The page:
In a race to conserve the history of the climate, scientists are saving ancient Arctic ice

The sea ice that covers the Arctic Ocean and its surroundings is known as the Arctic ice pack. Ice goes through a predictable seasonal cycle in which it melts in the spring and summer, declines until mid-September, then rises in the fall and winter months.

According to NASA, September Arctic Sea ice is now shrinking at a rate of 12.6% per decade, compared to its average extent during the period from 1981 to 2010.

Eight researchers from France, Italy, and Norway camped in the Svalbard archipelago of Norway in March and April, enduring storms and mishaps to preserve vital ice records that can be used to analyze the Earth’s climate in the past and map the catastrophic effects that human activity is having on it right now.

The Ice Memory Foundation team extracted three huge tubes of glacier ice on Svalbard.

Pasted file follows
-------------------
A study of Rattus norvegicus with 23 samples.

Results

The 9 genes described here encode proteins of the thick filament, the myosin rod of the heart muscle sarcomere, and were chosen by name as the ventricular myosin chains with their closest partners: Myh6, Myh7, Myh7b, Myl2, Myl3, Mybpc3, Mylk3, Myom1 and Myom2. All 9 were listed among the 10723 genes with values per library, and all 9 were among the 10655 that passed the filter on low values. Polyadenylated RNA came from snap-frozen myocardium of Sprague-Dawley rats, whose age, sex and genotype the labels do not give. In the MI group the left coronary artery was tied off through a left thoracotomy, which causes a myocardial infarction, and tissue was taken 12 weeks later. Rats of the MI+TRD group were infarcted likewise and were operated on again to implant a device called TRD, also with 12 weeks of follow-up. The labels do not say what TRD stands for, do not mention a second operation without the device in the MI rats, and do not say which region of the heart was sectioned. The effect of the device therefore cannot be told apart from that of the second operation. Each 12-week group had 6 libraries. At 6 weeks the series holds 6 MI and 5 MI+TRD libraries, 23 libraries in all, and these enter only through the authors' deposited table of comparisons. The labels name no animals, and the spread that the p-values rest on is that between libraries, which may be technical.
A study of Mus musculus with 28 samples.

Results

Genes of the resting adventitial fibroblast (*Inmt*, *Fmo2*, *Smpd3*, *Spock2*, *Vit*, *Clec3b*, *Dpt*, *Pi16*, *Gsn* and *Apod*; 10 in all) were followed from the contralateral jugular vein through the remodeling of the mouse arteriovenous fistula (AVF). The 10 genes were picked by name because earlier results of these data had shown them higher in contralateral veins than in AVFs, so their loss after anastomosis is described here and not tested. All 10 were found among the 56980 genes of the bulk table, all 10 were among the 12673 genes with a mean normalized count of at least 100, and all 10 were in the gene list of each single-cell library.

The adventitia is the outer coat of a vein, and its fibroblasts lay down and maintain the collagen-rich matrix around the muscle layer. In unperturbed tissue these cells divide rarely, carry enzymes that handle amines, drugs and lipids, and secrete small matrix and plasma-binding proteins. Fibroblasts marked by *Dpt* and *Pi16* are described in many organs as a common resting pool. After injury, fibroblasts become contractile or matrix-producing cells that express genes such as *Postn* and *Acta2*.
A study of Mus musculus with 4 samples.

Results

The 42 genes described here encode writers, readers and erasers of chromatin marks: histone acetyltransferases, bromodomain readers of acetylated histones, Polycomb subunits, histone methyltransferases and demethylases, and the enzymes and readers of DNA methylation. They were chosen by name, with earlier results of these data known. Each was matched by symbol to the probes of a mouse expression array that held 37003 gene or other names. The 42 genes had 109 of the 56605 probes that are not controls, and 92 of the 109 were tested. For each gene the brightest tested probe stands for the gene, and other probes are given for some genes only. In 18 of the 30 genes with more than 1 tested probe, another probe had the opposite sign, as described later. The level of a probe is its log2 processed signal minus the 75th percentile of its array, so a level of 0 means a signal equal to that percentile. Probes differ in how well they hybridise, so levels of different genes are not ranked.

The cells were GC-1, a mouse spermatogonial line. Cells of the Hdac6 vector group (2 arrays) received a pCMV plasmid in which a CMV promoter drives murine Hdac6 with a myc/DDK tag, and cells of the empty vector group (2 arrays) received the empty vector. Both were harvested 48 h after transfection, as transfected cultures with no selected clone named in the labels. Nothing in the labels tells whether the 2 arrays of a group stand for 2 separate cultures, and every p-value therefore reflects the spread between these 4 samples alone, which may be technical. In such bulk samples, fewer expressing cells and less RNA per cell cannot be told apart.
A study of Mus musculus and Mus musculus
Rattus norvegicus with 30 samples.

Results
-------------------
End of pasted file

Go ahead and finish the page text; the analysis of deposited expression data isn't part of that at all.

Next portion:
Experts warn that as global temperatures rise, meltwater is leaking into ancient ice and risks destroying the geochemical records it contains before scientists can collect the data.

The first issue was the weather when the Ice Memory crew set up camp in March on Holtedahlfonna, one of the tallest and most northerly glaciers in the Arctic. Strong winds caused the temperature to drop to -40C instead of the anticipated -25C (-13C), which caused a delay in drilling. After that, water from the melting glacier surged into the 24.5-meter (80-foot) hole they had just drilled in the ice.

When drilling resumed, the researchers succeeded in extracting three ice cores 50-75 metres long.

Human-caused carbon emissions have warmed the planet by 1.15 degrees Celsius since industrialization, powered by fossil fuels, began in the 19th century. Studies indicate that the Arctic is warming between two and four times faster than the global average.

Director of Ice Memory Anne-Catherine Ohlmann emphasized that “if we lose archives like this, we will lose the memory of human alteration of the climate.” And “we will also lose crucial information for future scientists and policymakers, who will have to make decisions for the well-being of society.”